We stayed south of San Francisco in a town called Half Moon Bay Tuesday night after driving through the Golden Gate Bridge. We drove south for a little while along U.S. 1. The coast south of San Francisco looked a lot different than the northern coast. Brown scrubby hills, then irrigated patches of produce, then the Pacific Ocean.
Wednesday noon found us in Gilroy, CA, just south of San Jose at an RV repair shop to get our air conditioner compressor repaired. Anthony could’ve fixed it himself if he had had the right tools, but….
We weren’t sure how long it would take. Well, it took 6 hours! 😦 We hung out on the sidewalk in the shade next to the office, then walked over to Jack in the Box for some good ole’ fastfood, then over to the truck stop to do a load of laundry, then back to the sidewalk where the kids played games on the iPad, then across the road again to A&W for some ice cream, then back to the sidewalk again….until the shop closed. They got it most of the way fixed. Anthony finished up the job by putting on the v-belt with a wrench we had here in the camper.
So….we didn’t get too far Wednesday. We had hoped to make Yosemite yet that evening. After poring over the atlas and the calendar, we decided to forego Yosemite and take in the Sequoia National Forest instead. Our reasoning was that we had seen Yellowstone and the Canadian Rockies, so maybe that would make up for what we would miss in Yosemite. Sequoia was a little closer to our route south toward the Grand Canyon.
On Thursday, when we got to Sequoia National Park, we headed over to see General Grant, the third largest tree on earth (supposedly). I was glad to see both the Redwoods and the Sequoias to get a better idea of the difference.
- Redwoods are found only in the coastal regions; Sequoias are found only on the western slopes of the Sierra Nevada.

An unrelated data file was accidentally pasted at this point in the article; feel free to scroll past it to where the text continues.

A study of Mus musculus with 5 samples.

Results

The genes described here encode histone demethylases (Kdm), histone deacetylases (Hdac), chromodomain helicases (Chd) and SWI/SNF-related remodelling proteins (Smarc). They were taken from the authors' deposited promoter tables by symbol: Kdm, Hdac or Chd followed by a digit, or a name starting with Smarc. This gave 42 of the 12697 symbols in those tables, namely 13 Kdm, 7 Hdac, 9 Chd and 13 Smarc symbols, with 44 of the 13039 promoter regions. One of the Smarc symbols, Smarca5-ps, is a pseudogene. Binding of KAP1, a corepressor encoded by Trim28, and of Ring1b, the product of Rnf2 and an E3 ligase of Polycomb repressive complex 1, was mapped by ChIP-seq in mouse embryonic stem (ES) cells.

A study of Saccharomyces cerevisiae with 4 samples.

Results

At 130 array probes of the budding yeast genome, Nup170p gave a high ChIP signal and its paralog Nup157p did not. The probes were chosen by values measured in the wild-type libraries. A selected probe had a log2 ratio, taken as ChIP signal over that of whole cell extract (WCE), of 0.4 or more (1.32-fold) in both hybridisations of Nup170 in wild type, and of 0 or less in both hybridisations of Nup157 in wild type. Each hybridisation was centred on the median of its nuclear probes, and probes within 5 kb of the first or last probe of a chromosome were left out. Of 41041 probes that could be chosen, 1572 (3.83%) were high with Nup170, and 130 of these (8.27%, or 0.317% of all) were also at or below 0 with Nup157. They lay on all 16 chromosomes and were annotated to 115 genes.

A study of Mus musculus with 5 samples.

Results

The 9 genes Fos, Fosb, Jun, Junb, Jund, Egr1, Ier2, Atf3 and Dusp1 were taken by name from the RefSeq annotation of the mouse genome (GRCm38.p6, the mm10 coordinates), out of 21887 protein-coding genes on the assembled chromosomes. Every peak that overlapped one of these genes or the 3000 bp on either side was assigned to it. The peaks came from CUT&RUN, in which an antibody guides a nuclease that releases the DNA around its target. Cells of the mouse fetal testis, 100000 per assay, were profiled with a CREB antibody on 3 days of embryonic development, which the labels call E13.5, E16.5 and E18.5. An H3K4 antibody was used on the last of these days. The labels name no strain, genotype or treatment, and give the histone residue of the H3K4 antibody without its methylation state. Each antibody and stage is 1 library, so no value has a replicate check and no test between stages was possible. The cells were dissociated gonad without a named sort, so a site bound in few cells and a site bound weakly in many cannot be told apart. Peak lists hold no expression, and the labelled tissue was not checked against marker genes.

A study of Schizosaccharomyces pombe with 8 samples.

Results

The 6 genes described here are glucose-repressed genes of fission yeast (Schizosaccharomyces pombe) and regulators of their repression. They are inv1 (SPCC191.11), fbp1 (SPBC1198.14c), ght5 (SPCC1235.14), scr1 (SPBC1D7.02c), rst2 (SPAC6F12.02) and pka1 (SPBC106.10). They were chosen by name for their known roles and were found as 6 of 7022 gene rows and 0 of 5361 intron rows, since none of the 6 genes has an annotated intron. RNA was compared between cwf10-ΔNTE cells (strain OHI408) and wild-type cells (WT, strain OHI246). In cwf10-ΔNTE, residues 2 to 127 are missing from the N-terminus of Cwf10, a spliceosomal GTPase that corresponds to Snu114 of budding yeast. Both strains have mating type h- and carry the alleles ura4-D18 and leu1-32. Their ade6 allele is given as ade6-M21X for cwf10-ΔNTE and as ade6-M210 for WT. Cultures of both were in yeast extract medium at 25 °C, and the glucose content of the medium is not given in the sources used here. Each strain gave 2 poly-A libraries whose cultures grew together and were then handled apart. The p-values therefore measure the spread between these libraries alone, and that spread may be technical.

- Redwoods can be up to 70 ft. taller than the tallest Sequoias (280 vs. 210 ft.), but Sequoias are at least twice as big around (100 ft. in circumference vs. 40 ft.)
- There was definitely a difference between the Redwood Forest and the Sequoia Forest, at least the ones we were in. The Redwoods were lush, almost rainforest like, with abundant ferns, mosses, and undergrowth. The Sequoia forests were more open, sparse, and scrubby looking. (I’m wondering if the Mariposa grove in Yosemite is that way, or if it’s a denser grove than is found in Sequoia? Anybody know?)
It’s hard to comprehend the size of these trees. It’s like walking up to a huge building.
I was surprised to learn that young sequoias look almost nothing like their ancient ancestors. Here are young sequoias.
We got to walk through a hollow fallen sequoia. Pretty neat!
The amazing thing is that this fallen tree has been in this same spot for over a hundred years and hasn’t changed much. Take a look at this sign.
Here is General Grant himself, or rather the Sequoia named after him. It is actually the nation’s Christmas tree — how about that! It’s 267 ft. tall, 30 ft. in diameter, 107 ft. circumference at base, and is estimated to be 1650 years old.
After coming back down out of the mountains, we drove through the town of Orange Cove, very fitly named for its acres and acres of Orange trees in all sizes and stages.
We got to drive past a couple big dairies, which Anthony was thrilled to be able to see. Also got to see the canals and flood irrigation system close up.
The further south and east we drove, the more desert like the landscape became until we reached the Mojave Desert on our way out of California on Rte. 15 heading to Las Vegas to see the Hoover Dam.